July 7, 1920(1920-07-07) – September 12, 1997 (aged 77)
Brown LE.jpg
LtGen Leslie E. Brown, USMC
Place of birth Washington
Place of death Palm Springs, California
Place of burial near Palm Springs, California
Allegiance United States of America
Service/branch United States Marine Corps
Years of service 1940-1978
Rank Lieutenant General
Commands held MAG-12
3rd Marine Aircraft Wing
1st Marine Aircraft Wing[1]
Fleet Marine Force, Pacific
Battles/wars World War II
Korean War
Vietnam War
Awards Silver Star (2)
Legion of Merit (3)
Distinguished Flying Cross
Bronze Star
Purple Heart

Lieutenant General Leslie E. Brown (7 July 1920–12 September 1997) was a United States Marine Corps aviator who served in combat in World War II, Vietnam, and Korea. As a combat pilot, he earned many aviation "firsts". He retired from the Marine Corps in 1978 after 38 years of active duty service.

Contents

Biography

Leslie Brown was born on 7 July 1920 in Washington state. He graduated from high school in 1938 and attended Compton College in California prior to enlisting in the U.S. Marine Corps in 1940.

Brown received a field commission during World War II while serving as a member of the 2nd Marine Division in the Pacific.

He had extensive combat and command experience in World War II, Korea and Vietnam. He participated in four major landings in the Pacific. In 1946, he completed flight training and qualified in most types of jets, transports and helicopters that the Marine Corps had in use. While in Korea in 1950, he was the first Marine to fly a jet in combat.[2] In Vietnam, he was the First Wing Operations Officer (G-3), and then commanded a jet attack group (MAG-12)[3] and the attempted attack on the DaNang Airfield at Chu Lai, earning many aviation "firsts".[4]

In 1962, he attended Oklahoma State University where he earned both a Bachelor of Science and a and Bachelor of Arts degree, and also completed graduate studies in Human Resources Management.

He held numerous staff assignments including duty as Secretary to the General Staff and as a Joint Chiefs of Staff Project Officer at Headquarters Marine Corps; Logistics Operations Officer for the Fleet Marine Force, Pacific; Deputy J-3 (Operations) for the United States European Command; Chief of Staff, Headquarters Marine Corps; and his final assignment as Commanding General, Fleet Marine Force, Pacific.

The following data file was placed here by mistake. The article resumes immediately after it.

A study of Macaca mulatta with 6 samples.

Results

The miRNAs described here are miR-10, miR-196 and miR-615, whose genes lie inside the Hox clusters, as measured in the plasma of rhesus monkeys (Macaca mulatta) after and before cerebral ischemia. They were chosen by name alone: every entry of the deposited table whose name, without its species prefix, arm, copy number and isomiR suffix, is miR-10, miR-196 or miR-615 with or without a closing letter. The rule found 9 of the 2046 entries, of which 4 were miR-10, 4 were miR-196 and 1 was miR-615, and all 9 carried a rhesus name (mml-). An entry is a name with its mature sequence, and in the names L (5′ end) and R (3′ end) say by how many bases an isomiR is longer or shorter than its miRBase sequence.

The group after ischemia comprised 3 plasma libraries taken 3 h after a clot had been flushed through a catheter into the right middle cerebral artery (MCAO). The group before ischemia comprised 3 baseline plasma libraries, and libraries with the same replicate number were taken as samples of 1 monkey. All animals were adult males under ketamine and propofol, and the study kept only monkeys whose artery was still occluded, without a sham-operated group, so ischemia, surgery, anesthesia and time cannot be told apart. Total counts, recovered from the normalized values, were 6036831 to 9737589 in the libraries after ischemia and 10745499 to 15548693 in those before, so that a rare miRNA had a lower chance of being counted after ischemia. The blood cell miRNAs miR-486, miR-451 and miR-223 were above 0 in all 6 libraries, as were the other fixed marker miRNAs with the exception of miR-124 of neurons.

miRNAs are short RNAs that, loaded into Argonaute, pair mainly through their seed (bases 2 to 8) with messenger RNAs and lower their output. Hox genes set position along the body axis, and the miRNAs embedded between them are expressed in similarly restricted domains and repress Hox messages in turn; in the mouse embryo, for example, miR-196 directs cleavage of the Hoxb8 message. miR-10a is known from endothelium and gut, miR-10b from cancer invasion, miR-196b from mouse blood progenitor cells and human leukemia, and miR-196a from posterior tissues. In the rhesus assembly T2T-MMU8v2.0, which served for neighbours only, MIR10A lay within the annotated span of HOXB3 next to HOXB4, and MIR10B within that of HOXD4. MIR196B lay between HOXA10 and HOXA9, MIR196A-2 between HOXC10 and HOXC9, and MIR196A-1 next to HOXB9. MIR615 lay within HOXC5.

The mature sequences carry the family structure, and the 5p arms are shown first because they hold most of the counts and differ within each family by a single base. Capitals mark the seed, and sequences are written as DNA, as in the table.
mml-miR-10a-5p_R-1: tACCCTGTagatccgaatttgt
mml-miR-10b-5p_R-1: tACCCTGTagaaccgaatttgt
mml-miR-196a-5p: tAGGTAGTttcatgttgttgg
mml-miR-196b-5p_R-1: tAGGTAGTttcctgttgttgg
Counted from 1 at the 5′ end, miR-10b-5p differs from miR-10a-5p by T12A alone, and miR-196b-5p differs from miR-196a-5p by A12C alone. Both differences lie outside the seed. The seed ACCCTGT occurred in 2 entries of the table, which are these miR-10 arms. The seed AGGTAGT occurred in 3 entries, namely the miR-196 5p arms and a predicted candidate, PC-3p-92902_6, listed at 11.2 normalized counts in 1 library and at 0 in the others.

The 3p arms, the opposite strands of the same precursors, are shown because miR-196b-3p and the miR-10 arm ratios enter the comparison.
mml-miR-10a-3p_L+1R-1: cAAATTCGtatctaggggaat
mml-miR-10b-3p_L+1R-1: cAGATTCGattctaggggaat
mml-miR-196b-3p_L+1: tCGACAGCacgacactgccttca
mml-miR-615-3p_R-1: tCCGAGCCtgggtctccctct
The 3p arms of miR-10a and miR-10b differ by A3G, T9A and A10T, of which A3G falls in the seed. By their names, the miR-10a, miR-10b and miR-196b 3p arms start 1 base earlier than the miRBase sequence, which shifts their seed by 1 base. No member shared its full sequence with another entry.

Brown retired from the Marine Corps on 1 October 1978. He died near Palm Springs, California on 12 September 1997.

Awards and decorations

LtGen. Brown's personal decorations include:

Naval Aviator Badge.jpg
Gold star
V
Gold star
Gold star
V
Gold star
Gold star
V
Gold star
Bronze star
Bronze star
Bronze oak leaf cluster
Bronze star
Bronze star
Bronze star
Bronze star
Bronze star
Bronze star
Bronze star
Bronze star
Bronze star
Bronze star
Bronze star
Bronze star
Bronze star
Gold star
Gold star
Gold star
Naval Aviator Badge
1st Row Silver Star w/ 1 award star
2nd Row Legion of Merit w/ 2 award stars & valor device Distinguished Flying Cross Bronze Star Purple Heart w/ 2 award stars
3rd Row Air Medal w/ 1 award star, valor device, & Strike/Flight numeral "8" Navy & Marine Corps Commendation Medal Combat Action Ribbon Navy Presidential Unit Citation w/ 2 service stars
4th Row Army Presidential Unit Citation w/ 1 oak leaf cluster Navy Unit Commendation w/ 1 service star Marine Corps Good Conduct Medal American Defense Service Medal w/ A Device
5th Row American Campaign Medal Asiatic-Pacific Campaign Medal w/ 4 service stars World War II Victory Medal Navy Occupation Service Medal
6th Row National Defense Service Medal w/ 1 service star Korean Service Medal w/ 4 service stars Vietnam Service Medal w/ 3 service stars Vietnam Gallantry Cross w/ 3 gold stars
7th Row Korean Presidential Unit Citation Vietnam Gallantry Cross unit citation United Nations Korea Medal Vietnam Campaign Medal

Additionally, he was awarded the Veterans of Foreign Wars's highest award, the Grand Cross of Malta; and the Reserve Officer Association Meritorious Service Medal. In January 1975, he was awarded an honorary Doctor of Laws degree.

Quotes

Wherever you are or whatever your job, don’t be confused or diverted by false priorities. We have only one mission to perform—that is to fight and win. And, we must do it better than anyone else in the world.[5]

—LtGen Leslie E. Brown

See also

Notes

  1. ^ "History of the United States Air Force at Takhli Royal Thai Air Force Base". http://www.tlc-brotherhood.org/bases.html. Retrieved 2008-02-17. 
  2. ^ ""This date in History"" (PDF). 38th Parallel (U.S. Department of Defense) 1 (10): page 3. http://korea50.army.mil/media/newsletter/38th_1_10.pdf. Retrieved 2008-02-17. ""September 9, 1950:Capt. Leslie E. Brown became the first Marine Corps aviator to a fly a jet in combat.". 
  3. ^ "Attacks on MAG-16, Hill 22 and the attempted attack on the DaNang Airfield". 3rdMarines.net. http://www.3rdmarines.net/Vietnam_Attack_on_mag_16.htm. Retrieved 2008-02-17. 
  4. ^ "LtGen Leslie E. Brown", Who's Who in Marine Corps History.
  5. ^ "Leatherneck’s Famous Marine Quotes". Leatherneck magazine. Marine Corps Association. http://www.mca-marines.org/leatherneck/quotes.asp. Retrieved 2008-02-17. 

References

 This article incorporates public domain material from websites or documents of the United States Marine Corps.